How Cheap Is Fresh Food, Anyway?

Yellow ALERT sign on a plateA commonly repeated argument that tries to link food companies with a diabolical obesity-promoting conspiracy is that unhealthy “hyper-processed” snacks are cheaper than fresh fruits and vegetables. Barry Popkin, recanted maker of the myth that high fructose corn syrup is worse for health than sugar, went on National Public Radio (NPR) Morning Edition today to bemoan that the Midwest is not covered in fields of berries or kale and to wail at their cost.

Michael Moss, the latest gadfly to purvey the scientifically dubious hypothesis of “food addiction,” agrees with Popkin, claiming on Diane Rehm’s NPR show yesterday: “It is true that fresh fruits and vegetables are still more expensive than the cheaper processed foods.” In response to Moss’s insinuations of conspiracy and plot to make food flavorful, our Senior Research Analyst pushed back:

To go to Michael’s point, this notion that there’s this conspiracy theory, that deep in the caves of these restaurants and food companies that are trying to make food taste good, is that it’s a conspiracy theory that occurs in kitchens across the country, across the world in restaurants. Everyone, of course, wants to make food that tastes good and we don’t want food that’s bland.

As regular readers know, the US Department of Agriculture finds consistently that on a per-serving basis fruits and vegetables can in fact be cheaper than processed salty snacks. Even Melanie Warner—author of the anti-processing tome Pandora’s Lunchbox—conceded as much, telling Rehm:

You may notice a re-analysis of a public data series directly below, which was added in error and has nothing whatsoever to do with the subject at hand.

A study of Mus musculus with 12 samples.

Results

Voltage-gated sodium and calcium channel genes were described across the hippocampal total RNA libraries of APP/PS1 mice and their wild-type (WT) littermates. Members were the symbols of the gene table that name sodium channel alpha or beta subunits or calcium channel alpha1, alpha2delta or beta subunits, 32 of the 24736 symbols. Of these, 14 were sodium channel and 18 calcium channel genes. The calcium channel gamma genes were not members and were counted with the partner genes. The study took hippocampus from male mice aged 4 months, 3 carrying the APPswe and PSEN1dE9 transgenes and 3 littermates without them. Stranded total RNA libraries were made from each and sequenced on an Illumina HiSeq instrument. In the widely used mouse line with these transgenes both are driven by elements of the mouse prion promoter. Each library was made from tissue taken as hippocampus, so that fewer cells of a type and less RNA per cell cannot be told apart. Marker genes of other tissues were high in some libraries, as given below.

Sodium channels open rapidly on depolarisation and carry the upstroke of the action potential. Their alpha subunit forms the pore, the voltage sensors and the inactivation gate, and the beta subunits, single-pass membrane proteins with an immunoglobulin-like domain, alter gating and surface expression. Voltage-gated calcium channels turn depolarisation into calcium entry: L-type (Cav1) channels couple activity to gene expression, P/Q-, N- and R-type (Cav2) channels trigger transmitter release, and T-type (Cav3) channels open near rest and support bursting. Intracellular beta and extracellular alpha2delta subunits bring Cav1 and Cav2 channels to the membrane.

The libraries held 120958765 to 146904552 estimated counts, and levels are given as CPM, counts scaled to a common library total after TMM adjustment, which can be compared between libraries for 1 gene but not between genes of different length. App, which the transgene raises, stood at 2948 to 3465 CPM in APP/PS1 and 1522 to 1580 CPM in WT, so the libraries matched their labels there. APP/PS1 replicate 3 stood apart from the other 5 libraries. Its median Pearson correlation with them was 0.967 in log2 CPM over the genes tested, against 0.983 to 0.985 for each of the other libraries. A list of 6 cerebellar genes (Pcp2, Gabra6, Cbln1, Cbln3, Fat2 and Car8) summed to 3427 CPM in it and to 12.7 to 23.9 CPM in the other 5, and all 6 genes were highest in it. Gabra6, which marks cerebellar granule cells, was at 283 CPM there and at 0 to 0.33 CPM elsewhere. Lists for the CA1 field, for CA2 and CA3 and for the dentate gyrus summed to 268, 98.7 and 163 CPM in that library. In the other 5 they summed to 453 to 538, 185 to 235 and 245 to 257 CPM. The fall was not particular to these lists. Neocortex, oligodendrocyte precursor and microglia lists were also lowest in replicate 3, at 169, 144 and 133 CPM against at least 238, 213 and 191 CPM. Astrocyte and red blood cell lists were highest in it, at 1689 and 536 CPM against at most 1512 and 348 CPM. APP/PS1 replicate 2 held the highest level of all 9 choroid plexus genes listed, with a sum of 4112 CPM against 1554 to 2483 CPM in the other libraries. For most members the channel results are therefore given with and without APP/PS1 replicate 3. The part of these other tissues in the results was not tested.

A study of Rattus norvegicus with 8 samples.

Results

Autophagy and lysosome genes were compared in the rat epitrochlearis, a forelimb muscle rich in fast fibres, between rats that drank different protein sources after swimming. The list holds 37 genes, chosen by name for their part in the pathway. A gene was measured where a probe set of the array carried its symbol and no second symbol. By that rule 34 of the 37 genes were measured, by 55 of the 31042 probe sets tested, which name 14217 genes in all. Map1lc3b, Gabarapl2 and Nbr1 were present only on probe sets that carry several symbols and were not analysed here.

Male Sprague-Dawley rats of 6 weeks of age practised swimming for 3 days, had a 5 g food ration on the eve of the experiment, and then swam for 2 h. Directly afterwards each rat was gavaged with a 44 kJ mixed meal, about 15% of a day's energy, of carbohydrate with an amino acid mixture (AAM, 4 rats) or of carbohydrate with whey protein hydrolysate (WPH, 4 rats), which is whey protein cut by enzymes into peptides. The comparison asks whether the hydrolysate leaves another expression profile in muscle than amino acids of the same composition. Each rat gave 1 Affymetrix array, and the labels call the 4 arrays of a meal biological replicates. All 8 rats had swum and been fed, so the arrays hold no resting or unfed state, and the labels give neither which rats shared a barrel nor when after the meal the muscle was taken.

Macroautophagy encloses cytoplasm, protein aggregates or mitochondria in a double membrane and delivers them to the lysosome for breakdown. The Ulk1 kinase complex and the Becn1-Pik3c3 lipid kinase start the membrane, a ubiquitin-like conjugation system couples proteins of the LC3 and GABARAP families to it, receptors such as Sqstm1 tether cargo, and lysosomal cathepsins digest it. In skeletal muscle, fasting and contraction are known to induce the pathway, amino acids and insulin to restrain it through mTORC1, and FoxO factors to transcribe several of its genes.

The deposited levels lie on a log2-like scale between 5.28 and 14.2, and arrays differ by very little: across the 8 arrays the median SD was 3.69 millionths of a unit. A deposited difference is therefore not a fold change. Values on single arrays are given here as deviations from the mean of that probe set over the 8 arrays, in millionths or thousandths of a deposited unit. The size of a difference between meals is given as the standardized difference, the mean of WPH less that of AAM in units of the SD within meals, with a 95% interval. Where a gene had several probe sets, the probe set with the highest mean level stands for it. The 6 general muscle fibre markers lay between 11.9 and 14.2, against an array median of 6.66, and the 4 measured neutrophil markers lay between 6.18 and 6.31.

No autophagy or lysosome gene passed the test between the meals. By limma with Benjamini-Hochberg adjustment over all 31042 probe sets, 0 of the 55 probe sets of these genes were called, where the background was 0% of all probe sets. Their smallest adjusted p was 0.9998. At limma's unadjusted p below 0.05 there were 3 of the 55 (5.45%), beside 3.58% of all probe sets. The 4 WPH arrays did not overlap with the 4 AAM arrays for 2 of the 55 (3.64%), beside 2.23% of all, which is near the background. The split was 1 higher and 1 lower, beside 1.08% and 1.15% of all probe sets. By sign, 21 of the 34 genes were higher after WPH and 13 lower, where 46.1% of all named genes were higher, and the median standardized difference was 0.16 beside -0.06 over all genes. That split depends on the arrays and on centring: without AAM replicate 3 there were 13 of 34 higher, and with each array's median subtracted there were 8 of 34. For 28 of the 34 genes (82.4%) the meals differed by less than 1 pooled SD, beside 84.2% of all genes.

And it’s kind of a misnomer or a myth to think that healthy food and fresh food is too expensive for people. Or that eating healthy is a luxury of the rich. You can go into any supermarket, there are tons of examples of foods for meals that you can buy and cook at home for the same amount of money or sometimes even less money than you could going out to a fast food restaurant.

Moss thinks the only way we can “fix” this non-problem is to employ government — or trial lawyers, whose ranks may soon include Robert “No Soda Under 18” Lustig — to hold companies “accountable” for daring to provide consumers with enjoyable foods. But as our Senior Research Analyst noted, this approach presents problems: “When we convey to [people] that they are just victims and that the industry needs to change for them to lose weight, we are only setting ourselves up for continued failure.” Ultimately, weight gain and total health are matters for individual responsibility, not government action.

You can listen to our appearance on The Diane Rehm Show by clicking on the link.